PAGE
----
I said that dotted graphs seem to be second class objects and John asked me to elaborate.
How are dotted graphs second class?
A number of combiners in the spec accept cyclic but not dotted lists. These are:
- All the type predicates
- map and for-each
- append and append!
- "Constructably circular" combiners like $sequence
So they accept any undotted graph, but not general dotted graphs. This occurs often enough that to make dotted graphs seem second-class.
Could it be otherwise?
The "no way" cases
For some combiners I think there is no sane alternative, like `pair?' and the appends.
The "too painful" cases
For others, like filter or list-neighbors, the dotted end could have been treated like an item, but it seems klugey and irregular, and they can't do anything sane with a "unary dotted list", ie a non-list.
$sequence etc seem to belong here.
map and for-each
For map and for-each, dotted lists at the top level have the same problem as above, but ISTM "secondary" dotted lists and lists of varying length could work.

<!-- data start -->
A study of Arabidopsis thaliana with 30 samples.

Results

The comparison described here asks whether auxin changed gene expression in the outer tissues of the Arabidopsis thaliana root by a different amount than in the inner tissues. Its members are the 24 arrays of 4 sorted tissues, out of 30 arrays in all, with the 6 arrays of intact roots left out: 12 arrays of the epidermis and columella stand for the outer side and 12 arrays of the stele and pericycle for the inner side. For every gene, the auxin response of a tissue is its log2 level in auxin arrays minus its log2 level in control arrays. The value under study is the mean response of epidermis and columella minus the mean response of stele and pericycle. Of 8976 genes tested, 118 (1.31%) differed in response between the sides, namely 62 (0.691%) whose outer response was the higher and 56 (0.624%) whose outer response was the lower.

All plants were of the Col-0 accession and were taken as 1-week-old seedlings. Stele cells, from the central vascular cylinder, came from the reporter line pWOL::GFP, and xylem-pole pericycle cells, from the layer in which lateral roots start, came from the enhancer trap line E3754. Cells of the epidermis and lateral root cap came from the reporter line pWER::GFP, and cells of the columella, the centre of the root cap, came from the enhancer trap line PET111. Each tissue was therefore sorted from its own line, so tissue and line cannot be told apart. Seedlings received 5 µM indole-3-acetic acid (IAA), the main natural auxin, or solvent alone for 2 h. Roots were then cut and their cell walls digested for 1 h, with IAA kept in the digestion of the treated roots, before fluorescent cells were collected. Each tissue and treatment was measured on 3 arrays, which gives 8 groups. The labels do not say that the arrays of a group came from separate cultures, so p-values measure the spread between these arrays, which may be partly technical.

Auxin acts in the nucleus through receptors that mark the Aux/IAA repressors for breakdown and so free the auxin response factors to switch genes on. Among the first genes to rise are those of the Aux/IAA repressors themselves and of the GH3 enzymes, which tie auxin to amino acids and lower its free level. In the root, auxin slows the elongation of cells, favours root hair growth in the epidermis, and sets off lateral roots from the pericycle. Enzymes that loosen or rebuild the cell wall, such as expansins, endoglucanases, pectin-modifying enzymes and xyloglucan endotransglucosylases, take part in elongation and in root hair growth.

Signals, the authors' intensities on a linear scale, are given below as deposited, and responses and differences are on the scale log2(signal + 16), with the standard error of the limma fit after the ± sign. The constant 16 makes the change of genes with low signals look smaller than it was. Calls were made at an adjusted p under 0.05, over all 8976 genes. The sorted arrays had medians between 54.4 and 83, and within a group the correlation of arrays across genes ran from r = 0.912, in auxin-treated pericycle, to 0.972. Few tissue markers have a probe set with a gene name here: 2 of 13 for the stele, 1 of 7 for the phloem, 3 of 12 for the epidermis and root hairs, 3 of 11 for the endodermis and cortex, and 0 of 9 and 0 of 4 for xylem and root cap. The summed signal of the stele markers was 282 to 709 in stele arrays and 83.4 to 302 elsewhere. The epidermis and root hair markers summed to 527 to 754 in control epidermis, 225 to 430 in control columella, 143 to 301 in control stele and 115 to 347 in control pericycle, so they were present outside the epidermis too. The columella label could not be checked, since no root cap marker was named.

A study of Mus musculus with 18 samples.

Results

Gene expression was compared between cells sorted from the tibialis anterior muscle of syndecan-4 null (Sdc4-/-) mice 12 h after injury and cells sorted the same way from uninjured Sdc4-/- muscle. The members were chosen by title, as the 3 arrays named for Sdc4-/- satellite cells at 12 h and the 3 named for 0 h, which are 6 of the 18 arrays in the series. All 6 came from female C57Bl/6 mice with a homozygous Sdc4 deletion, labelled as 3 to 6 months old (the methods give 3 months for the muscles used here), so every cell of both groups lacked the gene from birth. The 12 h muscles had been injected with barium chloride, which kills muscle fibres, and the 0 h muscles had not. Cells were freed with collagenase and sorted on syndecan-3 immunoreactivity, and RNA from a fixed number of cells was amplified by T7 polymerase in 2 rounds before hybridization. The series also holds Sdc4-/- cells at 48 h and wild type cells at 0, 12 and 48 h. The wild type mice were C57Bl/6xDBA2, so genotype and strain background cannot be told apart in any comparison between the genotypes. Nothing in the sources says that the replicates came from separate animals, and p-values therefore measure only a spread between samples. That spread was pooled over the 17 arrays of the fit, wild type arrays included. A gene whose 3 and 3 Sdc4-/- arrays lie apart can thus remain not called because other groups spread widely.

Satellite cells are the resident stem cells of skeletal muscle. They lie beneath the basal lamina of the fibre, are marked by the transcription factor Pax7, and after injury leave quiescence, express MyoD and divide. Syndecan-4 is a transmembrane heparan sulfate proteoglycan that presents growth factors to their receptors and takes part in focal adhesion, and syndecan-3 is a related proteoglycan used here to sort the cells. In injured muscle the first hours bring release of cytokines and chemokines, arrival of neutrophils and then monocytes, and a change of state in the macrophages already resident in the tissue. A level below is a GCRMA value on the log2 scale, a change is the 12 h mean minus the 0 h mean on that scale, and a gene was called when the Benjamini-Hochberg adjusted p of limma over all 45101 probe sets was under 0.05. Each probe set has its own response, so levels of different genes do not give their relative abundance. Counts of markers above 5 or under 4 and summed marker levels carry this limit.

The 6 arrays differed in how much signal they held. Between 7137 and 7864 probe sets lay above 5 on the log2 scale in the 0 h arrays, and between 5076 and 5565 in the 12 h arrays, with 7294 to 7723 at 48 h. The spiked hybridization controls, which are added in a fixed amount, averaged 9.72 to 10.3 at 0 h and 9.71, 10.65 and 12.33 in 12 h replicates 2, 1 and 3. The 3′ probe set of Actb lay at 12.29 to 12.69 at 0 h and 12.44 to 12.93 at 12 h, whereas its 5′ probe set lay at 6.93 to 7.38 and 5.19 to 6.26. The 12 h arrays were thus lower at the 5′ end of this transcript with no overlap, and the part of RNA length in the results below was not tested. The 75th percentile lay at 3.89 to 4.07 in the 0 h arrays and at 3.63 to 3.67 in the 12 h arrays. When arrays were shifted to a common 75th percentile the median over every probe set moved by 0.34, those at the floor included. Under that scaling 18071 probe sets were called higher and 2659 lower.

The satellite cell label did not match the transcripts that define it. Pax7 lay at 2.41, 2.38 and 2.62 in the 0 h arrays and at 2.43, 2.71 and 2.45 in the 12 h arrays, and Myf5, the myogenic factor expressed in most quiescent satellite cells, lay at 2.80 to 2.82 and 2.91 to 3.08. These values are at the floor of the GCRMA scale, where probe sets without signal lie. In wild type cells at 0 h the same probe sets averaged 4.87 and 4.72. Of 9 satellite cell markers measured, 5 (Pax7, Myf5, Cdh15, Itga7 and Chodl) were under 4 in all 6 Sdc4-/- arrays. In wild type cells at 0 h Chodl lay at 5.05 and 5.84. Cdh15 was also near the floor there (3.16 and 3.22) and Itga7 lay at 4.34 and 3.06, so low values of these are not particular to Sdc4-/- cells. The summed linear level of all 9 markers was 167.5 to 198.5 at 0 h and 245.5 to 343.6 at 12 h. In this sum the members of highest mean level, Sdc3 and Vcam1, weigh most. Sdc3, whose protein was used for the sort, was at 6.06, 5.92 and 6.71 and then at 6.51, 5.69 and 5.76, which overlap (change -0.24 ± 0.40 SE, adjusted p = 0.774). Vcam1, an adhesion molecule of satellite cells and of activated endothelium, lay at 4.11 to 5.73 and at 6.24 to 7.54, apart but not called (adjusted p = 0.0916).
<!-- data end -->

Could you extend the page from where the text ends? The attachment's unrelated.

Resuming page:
Those could be accomodated by passing another combiner argument
proc2) that, when any list runs out, is given the remaining tails
isomorphically to Args, and its return is used as the tail of the
return list. In other words, map over a "rectangle" of list-of-list
and let proc2 work on the irregular overrun.
The existing behavior could be recaptured by passing a proc2 that, if it gets all nils, returns nil, and otherwise raises error. Other useful behaviors seem possible, such as continuing with default arguments or governing the length of the result by the shortest list.
Reduce puzzles me. A cyclic list's cycle after it is collapsed to a single item resembles a dotted tail, and is legal. Does that imply that a dotted list should be able to shortcut to that stage?